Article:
Washington (July 28, 2020) — In response to the relief package proposed by Majority Leader Mitch McConnell, Senator Lamar Alexander, and Senator Roy Blunt, we join together to issue the following statement:

“As states, districts, and schools develop and implement reopening plans for the 2020–2021 school year, they need substantial additional federal support to protect students and to address students’ unfinished learning. The legislation introduced yesterday uses federal funds to coerce districts into opening while providing private schools with funds that are desperately needed by public schools. Moreover, no funding is provided to address the connectivity needs of students and families, despite the fact that many districts intend to provide instruction online. This proposal is a step backward in the nation’s response to COVID-19.

“The recession induced by COVID-19 has, and will continue to, decimate state and district revenues. On top of that, states, districts, and schools will face additional costs to provide the academic, health, and emotional support that students will need when they return to school. The Council of Chief State School Officers indicated that school systems may need as much as $244.6 billion in additional funding to safely reopen school buildings and serve all students, while other estimates suggest this may require $305 billion. In recognition of both increases in cost and reductions in revenue, 70 education organizations have urged Congress to provide at least $500 billion total in additional state budget stabilization funds, the K-12 share of which should be at least $175 billion. The amount provided in the McConnell/Alexander/Blunt package is deeply insufficient to meet the challenges facing our schools and students.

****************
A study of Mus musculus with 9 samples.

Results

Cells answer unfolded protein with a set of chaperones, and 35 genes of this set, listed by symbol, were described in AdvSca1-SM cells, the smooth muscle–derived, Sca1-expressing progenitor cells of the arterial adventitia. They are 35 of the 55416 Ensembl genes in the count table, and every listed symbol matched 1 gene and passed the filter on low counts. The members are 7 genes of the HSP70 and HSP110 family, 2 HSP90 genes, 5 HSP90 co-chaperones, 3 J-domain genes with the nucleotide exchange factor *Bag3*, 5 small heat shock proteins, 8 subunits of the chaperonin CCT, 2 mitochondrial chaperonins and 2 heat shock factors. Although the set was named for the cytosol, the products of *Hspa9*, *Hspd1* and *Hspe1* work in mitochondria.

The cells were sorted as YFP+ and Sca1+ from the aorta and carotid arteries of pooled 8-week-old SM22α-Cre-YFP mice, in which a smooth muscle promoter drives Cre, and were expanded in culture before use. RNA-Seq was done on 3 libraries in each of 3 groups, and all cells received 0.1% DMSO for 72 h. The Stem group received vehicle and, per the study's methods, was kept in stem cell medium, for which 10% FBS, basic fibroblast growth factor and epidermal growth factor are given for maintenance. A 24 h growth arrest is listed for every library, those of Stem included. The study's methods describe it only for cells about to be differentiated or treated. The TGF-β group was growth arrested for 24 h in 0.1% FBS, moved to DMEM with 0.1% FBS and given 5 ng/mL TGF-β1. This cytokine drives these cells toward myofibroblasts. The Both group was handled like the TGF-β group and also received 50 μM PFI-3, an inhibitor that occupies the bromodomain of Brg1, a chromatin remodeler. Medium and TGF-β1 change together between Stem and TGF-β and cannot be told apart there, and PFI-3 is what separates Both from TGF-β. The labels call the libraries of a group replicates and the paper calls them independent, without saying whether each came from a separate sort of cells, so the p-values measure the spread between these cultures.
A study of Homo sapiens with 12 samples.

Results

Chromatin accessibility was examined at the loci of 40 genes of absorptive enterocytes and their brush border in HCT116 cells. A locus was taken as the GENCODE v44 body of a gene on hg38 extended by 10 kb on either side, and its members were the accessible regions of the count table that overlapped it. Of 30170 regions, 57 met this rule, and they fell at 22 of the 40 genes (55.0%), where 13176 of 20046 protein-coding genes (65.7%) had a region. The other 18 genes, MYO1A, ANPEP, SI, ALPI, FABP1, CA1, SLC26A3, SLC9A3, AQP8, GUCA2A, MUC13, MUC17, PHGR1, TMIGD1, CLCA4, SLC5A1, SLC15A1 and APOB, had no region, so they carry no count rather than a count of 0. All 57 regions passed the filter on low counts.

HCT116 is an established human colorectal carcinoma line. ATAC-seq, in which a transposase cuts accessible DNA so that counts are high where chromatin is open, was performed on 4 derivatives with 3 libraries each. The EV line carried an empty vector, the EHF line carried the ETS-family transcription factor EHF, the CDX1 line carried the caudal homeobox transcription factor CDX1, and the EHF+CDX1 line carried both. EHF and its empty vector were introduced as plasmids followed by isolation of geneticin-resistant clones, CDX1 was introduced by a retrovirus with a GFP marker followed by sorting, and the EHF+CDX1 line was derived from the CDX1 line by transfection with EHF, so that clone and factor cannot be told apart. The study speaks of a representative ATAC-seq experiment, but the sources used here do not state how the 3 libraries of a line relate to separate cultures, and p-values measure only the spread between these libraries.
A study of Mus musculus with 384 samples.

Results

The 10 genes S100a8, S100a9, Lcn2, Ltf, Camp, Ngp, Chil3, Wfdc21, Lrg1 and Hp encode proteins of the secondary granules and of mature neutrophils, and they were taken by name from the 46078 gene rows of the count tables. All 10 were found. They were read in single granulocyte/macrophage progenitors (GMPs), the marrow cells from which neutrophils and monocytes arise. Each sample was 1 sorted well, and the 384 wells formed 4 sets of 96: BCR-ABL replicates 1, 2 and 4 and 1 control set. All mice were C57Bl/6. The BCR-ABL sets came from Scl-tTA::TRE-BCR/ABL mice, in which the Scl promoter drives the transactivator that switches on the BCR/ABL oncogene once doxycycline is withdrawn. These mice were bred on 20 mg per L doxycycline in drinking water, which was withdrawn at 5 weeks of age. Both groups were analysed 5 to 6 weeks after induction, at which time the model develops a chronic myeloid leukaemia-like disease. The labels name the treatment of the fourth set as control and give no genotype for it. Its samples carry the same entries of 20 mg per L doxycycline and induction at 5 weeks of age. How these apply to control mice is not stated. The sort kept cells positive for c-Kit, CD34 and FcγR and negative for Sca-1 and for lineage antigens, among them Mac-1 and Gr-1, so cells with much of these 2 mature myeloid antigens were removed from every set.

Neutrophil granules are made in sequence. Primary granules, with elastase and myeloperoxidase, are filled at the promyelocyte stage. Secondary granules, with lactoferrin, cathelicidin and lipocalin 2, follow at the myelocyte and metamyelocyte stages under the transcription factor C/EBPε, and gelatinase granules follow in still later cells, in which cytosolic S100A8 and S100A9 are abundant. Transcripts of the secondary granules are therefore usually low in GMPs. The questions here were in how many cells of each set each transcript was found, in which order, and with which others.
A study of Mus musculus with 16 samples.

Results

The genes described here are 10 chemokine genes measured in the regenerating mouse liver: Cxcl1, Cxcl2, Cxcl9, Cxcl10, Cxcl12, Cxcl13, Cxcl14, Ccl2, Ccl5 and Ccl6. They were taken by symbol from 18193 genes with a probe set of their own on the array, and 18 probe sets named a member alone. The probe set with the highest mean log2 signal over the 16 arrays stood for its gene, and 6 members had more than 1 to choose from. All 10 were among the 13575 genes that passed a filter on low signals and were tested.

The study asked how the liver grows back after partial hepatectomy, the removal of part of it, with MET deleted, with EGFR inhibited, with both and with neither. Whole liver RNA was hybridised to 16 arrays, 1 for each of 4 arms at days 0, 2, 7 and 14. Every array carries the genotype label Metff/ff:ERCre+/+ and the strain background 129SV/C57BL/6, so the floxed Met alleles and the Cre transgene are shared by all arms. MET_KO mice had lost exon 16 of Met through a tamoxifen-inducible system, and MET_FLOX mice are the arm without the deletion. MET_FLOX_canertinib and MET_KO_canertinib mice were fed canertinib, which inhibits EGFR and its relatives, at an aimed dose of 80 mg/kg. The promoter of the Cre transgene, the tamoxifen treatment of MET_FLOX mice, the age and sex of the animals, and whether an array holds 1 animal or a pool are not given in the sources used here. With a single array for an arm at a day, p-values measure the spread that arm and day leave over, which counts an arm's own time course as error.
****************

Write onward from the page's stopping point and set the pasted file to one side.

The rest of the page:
“Federal COVID-19 relief legislation must pay particular attention to the unique needs of students of color, students from low-income backgrounds, English learners, students with disabilities, and students experiencing homelessness, foster care, or engaged in the juvenile justice system. These students have been historically underserved in education and disproportionately affected by the health, economic, and educational impacts of the virus. Dedicated funding through the programs with expertise in identifying and serving these students, including the McKinney-Vento Act’s Education for Homeless Children and Youth program, must be included.

“To that end, critical provisions are needed to protect the rights of historically underserved students and ensure federal funding is appropriately targeted to those who need it most.

Download the joint statement from Civil Rights and Education Leaders on the Need to Protect the Highest Need Schools and Students in the Next Stimulus Bill.